Power usage dipped in July

Duane Hicks

While the poor weather this summer has meant fewer days at the beach, less time gardening, and perhaps fewer occasions to barbecue, an upside is that many Fort Frances Power Corp. customers are using less electricity—and saving at least a little on their hydro bills.
Lori Cain, cost and regulatory analyst for the FFPC, said she recently was reviewing the figures for July and found there definitely was a dip in power usage.
She noted that up to June, consumption was very regular this year. But then in July, FFPC customers ended up using about eight percent less than they usually consume, based on a five-year average.
“[July] is usually when our air-conditioning load kicks on,” noted Cain, adding power demand was down about 20 percent, based on a five-year average.
(Consumption, measured in kilowatt hours, is the total amount of energy used. Demand, measured in kilowatts, is the immediate rate of that consumption).
She said it would be hard to say how much customers may have saved on their July bills, but noted “anyone that generally enjoys the comfort of air-conditioning would probably not have used that much energy.”
Cain also said that in addition to the poor weather, the public does tend to be thinking more about conservation these days.
“I think people conserve more, they’re better consumers, so that would be a combined effect,” she remarked, adding more and more local businesses taking advantage of energy retrofit programs, like the “Power Saving Blitz,” also may be affecting usage.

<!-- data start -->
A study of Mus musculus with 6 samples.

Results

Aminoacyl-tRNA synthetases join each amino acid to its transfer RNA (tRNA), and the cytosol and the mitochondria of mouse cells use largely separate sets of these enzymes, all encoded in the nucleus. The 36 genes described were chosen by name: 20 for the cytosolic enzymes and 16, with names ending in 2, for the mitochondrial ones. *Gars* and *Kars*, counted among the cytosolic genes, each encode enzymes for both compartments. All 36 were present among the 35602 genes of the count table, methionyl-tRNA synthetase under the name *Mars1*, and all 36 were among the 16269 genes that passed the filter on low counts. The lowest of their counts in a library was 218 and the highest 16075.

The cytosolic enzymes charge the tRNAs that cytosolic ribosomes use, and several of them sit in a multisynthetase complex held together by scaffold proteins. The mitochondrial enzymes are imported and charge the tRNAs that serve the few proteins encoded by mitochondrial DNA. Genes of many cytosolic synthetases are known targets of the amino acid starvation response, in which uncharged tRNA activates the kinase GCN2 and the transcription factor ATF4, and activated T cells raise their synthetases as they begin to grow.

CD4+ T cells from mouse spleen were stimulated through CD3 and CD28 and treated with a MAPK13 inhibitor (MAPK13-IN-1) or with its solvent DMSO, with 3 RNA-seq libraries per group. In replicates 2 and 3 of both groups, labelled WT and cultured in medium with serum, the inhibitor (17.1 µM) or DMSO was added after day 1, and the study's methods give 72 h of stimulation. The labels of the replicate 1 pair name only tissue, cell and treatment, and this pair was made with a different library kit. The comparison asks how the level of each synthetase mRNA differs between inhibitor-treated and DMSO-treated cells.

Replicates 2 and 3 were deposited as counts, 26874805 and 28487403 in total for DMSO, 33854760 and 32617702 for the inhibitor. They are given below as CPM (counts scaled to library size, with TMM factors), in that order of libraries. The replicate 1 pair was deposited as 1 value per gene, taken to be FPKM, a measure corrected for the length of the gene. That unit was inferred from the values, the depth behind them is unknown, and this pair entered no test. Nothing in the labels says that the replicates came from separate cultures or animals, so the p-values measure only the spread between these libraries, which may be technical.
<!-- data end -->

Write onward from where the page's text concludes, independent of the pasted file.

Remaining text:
While the eight percent difference in power usage possibly could affect the FFPC’s projected revenues for the year, Cain noted things usually tend to balance out in that regard.
For the past five years, power consumption has remained “very steady,” varying only one percent above or below estimated usage, she explained.
This variance generally is due to weather.
But Cain also pointed out variances in power use, such as the eight percent dip, are the type of data that has to be taken into account when looking at the future.
“We have a very large pending rate application, and part of my job, and the directors and [FFPC CEO] Joerg [Ruppenstein] is to forecast where will we be in the future. . . .
“In 10 years what will our load be, what will our revenue be? We have to plan for all that,” she stressed.
“We keep very good statistics on our energy consumption and our demand, and let’s face it—all our revenues our built around what we use,” Cain said.
“We want our customers to use effectively, but if we start losing our customer base, obviously that’s going to affect revenue streams coming in and our ability to deliver programs to our customers,” she warned.